Education survey shows lack of confidence in system


CHEYENNE – Survey results finding a lack of confidence by stakeholders point up the perceived need to update the education system for current times.

Leaders of educational organizations across the state told the Wyoming Tribune Eagle they are listening to this feedback, and see this as an opportunity to address assessment practices, and take a holistic approach focused on life skills and workforce development. They said this is a change from the No Child Left Behind education initiative started in the early 2000s, which focused on testing in mathematics, English language arts and science.

Academic excellence is still important, but Wyoming School Board Association Executive Director Brian Farmer said he can understand the need for attention to modern life skills. He expects both the State Board of Education and Gov. Mark Gordon’s Imagining and Innovating the Delivery of Education (RIDE) Advisory Group will place an emphasis on teaching resilience, perseverance, work ethic, collaboration and communication following further conversations with stakeholders.

“We are at a transformational point in education right now,” Farmer said. “Wyoming is not alone in this.”

The survey conducted by the governor’s education advisory group found that 59% of the respondents believe K-12 schools in the state do not adequately prepare children for the future, with emphasis placed on life skills and learning expectations. Close to 8,000 stakeholders gave input, which Gordon said he was pleased with because it shows residents are engaged in education issues.

“This report is a great place to start reimagining education because it is constructive feedback, not an indictment of our schools,” Gordon stated in response to the survey. “It’s always good to take an honest look at our performance, and I am deeply appreciative of the number of Wyomingites that are engaged in this effort. This is a chance for us to gather information and identify opportunities about how and where we can improve.”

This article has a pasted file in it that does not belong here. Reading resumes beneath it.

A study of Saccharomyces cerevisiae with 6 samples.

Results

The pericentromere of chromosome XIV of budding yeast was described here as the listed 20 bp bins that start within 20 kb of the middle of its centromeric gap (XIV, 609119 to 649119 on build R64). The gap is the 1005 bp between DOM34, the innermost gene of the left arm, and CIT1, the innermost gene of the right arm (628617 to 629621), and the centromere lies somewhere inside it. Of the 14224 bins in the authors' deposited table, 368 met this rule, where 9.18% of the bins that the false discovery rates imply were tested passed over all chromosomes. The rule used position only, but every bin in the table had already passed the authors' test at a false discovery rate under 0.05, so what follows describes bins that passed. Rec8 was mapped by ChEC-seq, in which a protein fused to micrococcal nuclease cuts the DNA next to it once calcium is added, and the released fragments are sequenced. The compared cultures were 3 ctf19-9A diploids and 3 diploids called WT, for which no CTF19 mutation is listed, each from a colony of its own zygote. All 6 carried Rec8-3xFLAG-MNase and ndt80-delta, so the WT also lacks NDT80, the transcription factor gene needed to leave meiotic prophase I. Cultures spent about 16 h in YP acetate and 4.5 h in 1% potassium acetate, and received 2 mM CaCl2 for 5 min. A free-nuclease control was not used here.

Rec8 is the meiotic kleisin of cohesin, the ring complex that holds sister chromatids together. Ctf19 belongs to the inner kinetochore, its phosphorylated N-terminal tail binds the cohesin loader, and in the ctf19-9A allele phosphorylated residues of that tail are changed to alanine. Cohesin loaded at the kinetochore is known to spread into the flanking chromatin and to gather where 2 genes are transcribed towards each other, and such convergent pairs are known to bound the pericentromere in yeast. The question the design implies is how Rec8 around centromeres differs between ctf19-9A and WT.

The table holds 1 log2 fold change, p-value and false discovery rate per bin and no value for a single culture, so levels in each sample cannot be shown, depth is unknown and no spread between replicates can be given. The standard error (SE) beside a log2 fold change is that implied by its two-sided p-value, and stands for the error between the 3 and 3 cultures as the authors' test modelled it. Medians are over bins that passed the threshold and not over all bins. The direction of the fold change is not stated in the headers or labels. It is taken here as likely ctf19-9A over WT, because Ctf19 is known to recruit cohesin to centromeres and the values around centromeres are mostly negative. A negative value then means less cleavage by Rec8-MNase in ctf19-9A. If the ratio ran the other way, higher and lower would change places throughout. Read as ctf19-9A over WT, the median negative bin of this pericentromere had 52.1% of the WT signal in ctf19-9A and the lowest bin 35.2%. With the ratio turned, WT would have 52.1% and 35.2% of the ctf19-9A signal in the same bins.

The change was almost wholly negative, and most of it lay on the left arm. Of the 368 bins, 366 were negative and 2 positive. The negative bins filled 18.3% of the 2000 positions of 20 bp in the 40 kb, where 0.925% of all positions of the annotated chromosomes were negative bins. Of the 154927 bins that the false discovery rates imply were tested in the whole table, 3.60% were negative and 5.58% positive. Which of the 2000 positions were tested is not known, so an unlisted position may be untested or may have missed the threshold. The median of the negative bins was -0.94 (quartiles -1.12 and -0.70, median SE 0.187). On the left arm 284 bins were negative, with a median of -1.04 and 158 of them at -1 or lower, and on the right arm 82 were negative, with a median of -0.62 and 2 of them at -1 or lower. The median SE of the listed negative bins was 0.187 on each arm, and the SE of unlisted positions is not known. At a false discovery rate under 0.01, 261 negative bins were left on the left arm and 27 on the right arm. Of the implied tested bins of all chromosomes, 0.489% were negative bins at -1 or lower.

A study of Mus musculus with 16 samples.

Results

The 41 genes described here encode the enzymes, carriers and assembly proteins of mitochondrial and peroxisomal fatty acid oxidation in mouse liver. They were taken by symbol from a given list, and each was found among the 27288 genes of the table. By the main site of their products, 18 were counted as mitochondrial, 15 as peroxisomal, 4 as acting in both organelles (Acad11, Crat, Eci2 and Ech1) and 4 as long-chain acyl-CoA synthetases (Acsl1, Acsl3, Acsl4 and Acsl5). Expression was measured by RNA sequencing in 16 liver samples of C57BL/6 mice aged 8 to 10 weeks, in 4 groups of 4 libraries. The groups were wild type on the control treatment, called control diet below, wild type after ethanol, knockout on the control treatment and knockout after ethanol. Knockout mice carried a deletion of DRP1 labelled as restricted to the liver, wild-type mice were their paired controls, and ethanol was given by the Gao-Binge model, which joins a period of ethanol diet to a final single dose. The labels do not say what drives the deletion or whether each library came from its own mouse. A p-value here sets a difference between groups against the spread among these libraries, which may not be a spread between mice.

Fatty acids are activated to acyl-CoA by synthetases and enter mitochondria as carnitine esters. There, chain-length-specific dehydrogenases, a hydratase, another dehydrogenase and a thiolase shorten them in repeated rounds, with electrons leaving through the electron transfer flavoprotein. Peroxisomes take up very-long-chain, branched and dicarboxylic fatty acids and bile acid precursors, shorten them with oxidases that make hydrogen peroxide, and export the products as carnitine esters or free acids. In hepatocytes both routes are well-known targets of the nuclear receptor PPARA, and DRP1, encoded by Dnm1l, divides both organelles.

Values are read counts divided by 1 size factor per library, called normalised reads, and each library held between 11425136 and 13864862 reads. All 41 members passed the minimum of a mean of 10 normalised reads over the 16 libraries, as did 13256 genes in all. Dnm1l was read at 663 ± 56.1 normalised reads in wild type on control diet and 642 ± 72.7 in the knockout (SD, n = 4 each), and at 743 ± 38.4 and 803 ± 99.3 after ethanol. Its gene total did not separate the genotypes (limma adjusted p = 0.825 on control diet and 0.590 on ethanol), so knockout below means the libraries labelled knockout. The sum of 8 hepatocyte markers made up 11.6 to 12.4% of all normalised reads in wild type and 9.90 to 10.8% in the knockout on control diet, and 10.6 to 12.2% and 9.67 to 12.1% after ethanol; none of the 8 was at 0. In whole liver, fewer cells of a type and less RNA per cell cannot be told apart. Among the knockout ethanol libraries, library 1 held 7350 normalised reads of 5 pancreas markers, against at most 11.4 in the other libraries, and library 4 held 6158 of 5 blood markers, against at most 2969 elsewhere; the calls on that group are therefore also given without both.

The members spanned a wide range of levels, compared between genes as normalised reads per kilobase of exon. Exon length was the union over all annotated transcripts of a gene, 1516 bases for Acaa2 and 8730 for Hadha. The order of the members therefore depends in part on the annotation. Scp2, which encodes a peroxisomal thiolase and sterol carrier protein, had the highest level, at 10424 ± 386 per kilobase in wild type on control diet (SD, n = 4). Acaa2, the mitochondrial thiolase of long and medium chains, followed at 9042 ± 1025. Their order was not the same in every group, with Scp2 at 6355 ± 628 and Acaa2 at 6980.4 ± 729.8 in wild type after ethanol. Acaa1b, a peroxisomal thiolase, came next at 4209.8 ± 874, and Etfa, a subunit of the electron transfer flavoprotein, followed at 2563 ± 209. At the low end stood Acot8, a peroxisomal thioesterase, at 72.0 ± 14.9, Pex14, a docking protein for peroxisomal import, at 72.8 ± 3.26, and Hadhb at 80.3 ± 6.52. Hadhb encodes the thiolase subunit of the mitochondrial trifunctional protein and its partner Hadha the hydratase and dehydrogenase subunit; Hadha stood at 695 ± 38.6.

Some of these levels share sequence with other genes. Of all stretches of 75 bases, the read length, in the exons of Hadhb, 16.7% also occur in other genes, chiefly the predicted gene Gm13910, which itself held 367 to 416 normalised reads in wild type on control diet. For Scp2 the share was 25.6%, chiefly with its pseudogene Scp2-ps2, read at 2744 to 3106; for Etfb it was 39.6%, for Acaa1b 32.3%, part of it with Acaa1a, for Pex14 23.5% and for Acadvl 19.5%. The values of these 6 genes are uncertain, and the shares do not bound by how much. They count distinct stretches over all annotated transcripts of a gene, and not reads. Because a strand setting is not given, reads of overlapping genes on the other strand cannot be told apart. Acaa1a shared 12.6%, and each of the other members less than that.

Farmer believes these results are not cause for public alarm, and, rather, a guide for improvement. He said the RIDE survey could have been done at any time, and it would have received similar answers. This is due to the rate of change in technology and how fast information is being produced and distributed.

An example he used was the publication of books, and to compare how many pieces of literature and encyclopedias are published in one year today, compared with even one or two decades ago. The executive director said the rate of increase of information is exponential, which means that kids have yet to become prepared for jobs that haven’t even been thought of yet.

He believes it’s not that the school system is failing them, it’s just more important than ever to consider how to prepare students for an ever-changing world, where there is no way to give them all of the content knowledge they will ever need. He said this is a new challenge in education.

Wyoming Education Association President Grady Hutcherson also cited the need to reevaluate the education system.

“The future is inherently filled with change, and with progress comes uncertainty,” he said. “We can’t intuit everything students will need to know to be competitive in the job market 20 years from now. But we can continuously evaluate and work to improve the education students receive today.”

One of the most significant areas in which he has seen requests for change is assessments.

His organization recently conducted a statewide teacher satisfaction survey, which found that just over half of Wyoming public school teachers agreed or strongly agreed with the statement that “the way we assess students makes me want to quit teaching.” Combined with the RIDE responses from stakeholders, Hutcherson said it relays a message that both educators and other community members see room for improvement in assessment.

“I think it’s time we revisit how we are assessing students,” he said. “Of course, we need to gauge their progress through our mandated assessments, but let’s explore limiting the standardized tests given at the district and school level.”